EU orders Luxembourg to recover €250 million from Amazon
The European Commission has ordered online retailer Amazon to pay back around 250 million euros in taxes to Luxembourg. Fieldfisher competition and trade lawyer John Cassels gives his viewpoint.
The European Commission has ordered online retailer Amazon to pay back around 250 million euros in taxes to Luxembourg. Fieldfisher competition and trade lawyer John Cassels, gives his viewpoint:
"This decision has been made on the basis that Amazon received unlawful state aid by way of tax breaks, contrary to EU law, over the period from 2003 – 2014.
"Over the period, Luxembourg gave letters to Amazon providing comfort on how its corporate tax will be calculated and in particular to confirm its transfer pricing arrangements, i.e. the prices for goods sold or services provided by one subsidiary of a corporate group to another subsidiary of the same group. This influences the allocation of the group's taxable profit between its subsidiaries located in different countries. As such, tax rulings are not necessarily problematic but in this case the EU has found against it.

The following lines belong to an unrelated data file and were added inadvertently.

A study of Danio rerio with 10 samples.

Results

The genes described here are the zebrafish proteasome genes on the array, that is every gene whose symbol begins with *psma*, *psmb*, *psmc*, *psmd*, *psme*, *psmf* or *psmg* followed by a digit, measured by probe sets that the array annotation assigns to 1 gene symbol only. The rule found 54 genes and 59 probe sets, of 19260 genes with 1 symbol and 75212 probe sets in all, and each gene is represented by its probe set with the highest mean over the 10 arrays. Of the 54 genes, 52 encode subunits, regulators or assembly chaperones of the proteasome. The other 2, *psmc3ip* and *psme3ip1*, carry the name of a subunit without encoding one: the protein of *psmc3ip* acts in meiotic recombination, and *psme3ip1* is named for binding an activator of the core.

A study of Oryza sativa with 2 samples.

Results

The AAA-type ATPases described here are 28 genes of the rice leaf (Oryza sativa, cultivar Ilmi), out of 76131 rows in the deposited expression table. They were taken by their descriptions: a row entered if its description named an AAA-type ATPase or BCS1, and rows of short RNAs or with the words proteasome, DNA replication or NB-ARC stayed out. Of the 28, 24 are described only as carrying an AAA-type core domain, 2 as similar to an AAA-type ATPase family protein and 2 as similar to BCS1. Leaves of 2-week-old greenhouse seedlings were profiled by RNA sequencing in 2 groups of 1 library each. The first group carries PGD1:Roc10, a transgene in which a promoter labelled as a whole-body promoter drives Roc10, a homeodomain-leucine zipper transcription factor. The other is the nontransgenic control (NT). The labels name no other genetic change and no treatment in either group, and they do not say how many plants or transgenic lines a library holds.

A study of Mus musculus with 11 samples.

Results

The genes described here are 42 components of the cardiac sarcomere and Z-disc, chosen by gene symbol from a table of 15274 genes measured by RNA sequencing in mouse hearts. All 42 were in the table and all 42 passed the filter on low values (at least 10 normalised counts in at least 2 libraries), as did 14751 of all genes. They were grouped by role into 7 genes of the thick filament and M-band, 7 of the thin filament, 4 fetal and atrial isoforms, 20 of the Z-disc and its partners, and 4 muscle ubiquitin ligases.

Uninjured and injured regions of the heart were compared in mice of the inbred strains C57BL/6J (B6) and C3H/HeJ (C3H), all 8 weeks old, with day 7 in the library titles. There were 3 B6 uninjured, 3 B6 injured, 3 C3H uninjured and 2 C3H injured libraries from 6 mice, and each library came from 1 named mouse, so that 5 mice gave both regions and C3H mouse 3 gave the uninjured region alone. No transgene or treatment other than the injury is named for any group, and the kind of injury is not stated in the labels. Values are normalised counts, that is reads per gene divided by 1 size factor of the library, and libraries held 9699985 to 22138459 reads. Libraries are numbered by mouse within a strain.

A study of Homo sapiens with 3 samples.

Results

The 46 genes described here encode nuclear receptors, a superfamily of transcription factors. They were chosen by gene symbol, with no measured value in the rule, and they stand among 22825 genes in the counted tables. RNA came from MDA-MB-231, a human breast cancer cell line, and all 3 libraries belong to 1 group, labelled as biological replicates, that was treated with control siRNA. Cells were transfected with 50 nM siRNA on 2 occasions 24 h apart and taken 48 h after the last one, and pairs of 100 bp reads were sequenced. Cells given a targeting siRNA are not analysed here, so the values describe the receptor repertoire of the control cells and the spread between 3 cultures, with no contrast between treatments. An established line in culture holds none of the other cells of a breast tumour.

"Failure to comply with the order will mean that the Duchy of Luxembourg will be taken to the EU Courts. This happens regularly with Italy, Spain, Greece and others all having recently been taken to the Courts.
"It is a racing certainty, however, that Luxembourg will appeal the Amazon decision of the EU Commission. It is already appealing a similar decision in connection with Fiat being granted allegedly unlawful state aid via its tax position in Luxembourg. In fact, all of the Member States that have been found by the EU Commission to have breached the state aid rules via tax arrangements (e.g. The Netherlands for Starbucks, Ireland for Apple) are appealing against the Commission's findings and orders for recovery.
"These cases expose the tensions within the EU between allowing Member States to organise their own tax affairs and the reality of competition between Member States to attract jobs and investment.
"At the moment, general corporate tax rates are set by individual Member States of the EU. There are moves afoot to harmonize those or at least introduce equalization measures. Post Brexit, the UK would not be bound by such harmonization measures but it seems unlikely that the EU would allow the UK to compete "unfairly" via a low corporate tax rate without retaliating in some way."